Moody is fascinating (and seemingly very sincere). Businessman, economist, pastor, and politician, he has gone from the Dark Side to Democrat. He says, " The civic league is out there all the time. I want to be there to give a reasoned response. There are a lot of people who are strong believers who don't want to be called Christian anymore, and I think that's sad."
We shall have to wait and see if his new organization gets traction and how it plays upstate.
Meanwhile, Focus' Mike Haley and Melissa Fryrear told about 200 conservative clergy to stop using such hateful lingo as "Love the sinner; hate the sin." They figure that is the only way to sway voters for the November effort to roll back gay-rights legislation.
While the CCL and its spinoff organization are pitching that a vote to uphold anti-discrimination on sexual orientation (question 1) is a vote that will lead to same-sex marriage, Haley and Fryrear are more subtle.
As the article puts it:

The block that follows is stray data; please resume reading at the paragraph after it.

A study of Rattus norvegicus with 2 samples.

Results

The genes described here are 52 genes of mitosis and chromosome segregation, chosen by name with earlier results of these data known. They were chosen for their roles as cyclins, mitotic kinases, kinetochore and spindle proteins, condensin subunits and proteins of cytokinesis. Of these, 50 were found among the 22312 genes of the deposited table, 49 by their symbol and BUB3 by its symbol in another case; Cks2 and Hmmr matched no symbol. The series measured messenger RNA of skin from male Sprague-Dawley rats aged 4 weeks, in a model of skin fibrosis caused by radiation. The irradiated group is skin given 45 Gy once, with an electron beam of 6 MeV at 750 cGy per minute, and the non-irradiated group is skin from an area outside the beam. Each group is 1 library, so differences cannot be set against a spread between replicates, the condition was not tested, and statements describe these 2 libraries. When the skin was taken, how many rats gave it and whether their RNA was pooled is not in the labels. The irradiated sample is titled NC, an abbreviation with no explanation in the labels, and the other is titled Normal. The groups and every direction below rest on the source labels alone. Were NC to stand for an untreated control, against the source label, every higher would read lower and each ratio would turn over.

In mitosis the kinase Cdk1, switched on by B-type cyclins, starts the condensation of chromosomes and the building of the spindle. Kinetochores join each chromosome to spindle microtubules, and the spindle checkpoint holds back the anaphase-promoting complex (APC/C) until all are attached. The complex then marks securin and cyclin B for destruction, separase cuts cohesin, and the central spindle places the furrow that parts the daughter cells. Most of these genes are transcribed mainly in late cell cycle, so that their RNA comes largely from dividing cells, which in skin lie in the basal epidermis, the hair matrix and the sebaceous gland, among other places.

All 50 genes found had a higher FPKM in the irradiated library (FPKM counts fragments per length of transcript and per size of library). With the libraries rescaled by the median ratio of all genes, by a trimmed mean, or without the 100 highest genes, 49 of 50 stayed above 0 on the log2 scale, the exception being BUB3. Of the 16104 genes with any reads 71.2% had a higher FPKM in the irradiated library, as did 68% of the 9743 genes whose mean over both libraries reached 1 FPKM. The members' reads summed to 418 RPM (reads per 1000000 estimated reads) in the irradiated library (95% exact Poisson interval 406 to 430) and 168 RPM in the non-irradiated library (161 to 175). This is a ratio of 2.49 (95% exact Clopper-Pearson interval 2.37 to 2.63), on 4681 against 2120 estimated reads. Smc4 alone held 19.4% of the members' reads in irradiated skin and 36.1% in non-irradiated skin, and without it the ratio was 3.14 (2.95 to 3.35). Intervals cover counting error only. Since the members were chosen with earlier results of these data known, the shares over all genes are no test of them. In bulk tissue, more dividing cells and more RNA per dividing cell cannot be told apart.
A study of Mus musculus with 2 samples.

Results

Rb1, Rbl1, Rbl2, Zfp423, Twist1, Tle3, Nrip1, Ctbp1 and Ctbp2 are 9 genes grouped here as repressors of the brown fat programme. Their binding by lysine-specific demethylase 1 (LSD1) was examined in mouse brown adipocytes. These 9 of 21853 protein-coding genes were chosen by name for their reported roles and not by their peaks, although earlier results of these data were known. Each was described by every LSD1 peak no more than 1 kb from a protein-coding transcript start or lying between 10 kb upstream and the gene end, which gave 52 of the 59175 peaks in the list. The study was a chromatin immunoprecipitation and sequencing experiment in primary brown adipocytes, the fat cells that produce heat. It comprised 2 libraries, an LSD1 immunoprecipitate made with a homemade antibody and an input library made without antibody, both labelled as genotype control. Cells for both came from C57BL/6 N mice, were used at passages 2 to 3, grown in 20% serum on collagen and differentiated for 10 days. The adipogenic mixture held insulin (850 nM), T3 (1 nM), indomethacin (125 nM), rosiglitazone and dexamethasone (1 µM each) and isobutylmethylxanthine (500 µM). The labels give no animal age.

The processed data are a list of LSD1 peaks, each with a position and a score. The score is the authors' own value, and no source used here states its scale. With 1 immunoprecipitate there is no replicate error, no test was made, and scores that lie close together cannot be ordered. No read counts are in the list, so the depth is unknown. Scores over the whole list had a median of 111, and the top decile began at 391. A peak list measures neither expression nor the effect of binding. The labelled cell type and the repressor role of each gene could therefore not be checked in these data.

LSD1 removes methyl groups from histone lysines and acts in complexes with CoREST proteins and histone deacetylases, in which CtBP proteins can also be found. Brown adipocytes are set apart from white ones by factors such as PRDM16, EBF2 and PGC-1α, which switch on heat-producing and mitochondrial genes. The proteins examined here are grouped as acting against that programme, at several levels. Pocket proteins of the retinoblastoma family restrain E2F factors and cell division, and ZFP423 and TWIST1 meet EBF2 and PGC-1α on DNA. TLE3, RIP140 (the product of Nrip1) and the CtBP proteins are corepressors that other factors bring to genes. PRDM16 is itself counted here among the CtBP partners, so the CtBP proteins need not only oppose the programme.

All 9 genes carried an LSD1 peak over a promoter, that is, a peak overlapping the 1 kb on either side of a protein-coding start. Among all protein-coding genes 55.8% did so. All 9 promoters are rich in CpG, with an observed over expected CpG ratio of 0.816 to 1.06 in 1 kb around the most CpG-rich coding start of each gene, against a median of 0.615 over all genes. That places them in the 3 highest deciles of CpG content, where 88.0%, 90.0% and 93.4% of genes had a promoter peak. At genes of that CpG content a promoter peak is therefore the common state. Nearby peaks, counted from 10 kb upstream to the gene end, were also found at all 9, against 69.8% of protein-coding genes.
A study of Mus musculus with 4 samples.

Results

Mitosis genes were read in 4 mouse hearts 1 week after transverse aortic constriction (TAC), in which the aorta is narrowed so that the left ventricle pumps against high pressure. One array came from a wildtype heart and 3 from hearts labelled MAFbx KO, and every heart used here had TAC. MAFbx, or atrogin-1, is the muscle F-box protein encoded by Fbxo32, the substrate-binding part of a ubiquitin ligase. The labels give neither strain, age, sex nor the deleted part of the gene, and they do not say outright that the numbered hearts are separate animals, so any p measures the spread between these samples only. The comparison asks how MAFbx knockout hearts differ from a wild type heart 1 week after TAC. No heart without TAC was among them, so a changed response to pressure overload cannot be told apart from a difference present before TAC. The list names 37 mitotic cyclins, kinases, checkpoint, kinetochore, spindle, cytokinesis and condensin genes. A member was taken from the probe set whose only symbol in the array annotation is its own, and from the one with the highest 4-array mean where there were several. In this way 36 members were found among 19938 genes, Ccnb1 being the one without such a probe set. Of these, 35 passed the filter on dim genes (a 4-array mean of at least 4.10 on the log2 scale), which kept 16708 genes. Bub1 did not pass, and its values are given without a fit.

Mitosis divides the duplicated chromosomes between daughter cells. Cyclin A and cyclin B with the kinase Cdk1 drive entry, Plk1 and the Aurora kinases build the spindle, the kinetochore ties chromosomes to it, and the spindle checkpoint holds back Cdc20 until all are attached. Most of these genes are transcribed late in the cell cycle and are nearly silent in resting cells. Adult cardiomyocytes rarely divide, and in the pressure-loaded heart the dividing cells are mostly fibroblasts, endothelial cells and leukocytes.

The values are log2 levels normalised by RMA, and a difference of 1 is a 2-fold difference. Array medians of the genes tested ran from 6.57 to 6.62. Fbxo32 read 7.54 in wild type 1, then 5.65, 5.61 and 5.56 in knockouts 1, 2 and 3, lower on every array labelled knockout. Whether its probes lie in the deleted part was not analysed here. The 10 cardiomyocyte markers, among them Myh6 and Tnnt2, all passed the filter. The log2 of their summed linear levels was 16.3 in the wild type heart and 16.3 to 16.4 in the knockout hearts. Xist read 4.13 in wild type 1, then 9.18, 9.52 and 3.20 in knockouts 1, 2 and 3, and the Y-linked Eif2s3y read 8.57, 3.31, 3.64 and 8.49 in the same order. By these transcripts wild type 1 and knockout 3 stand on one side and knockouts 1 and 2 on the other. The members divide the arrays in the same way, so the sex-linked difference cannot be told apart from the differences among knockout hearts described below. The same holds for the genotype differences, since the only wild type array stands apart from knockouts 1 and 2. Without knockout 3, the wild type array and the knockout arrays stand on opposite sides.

A righteous or hateful tone could steer undecided voters away, while one of kindness and compassion could help win supporters, said Mark Brewer, assistant professor of political science at the University of Maine.At the meeting promoting the Love Won Out gay-conversion show, she cautioned against focusing "more on vilifying gays and lesbians and defeating them politically than drawing them to conservative churches." She bills herself as an ex-lesbian.
"You have to avoid coming off in any way as hateful. If they can't do that, they won't succeed," Brewer said.
A leading group in the keep-gay-rights effort, Maine Won't Discriminate. Speaking for the group, Jesse Connolly said simply, "If there was compassion in what they talk about, they would be on our side."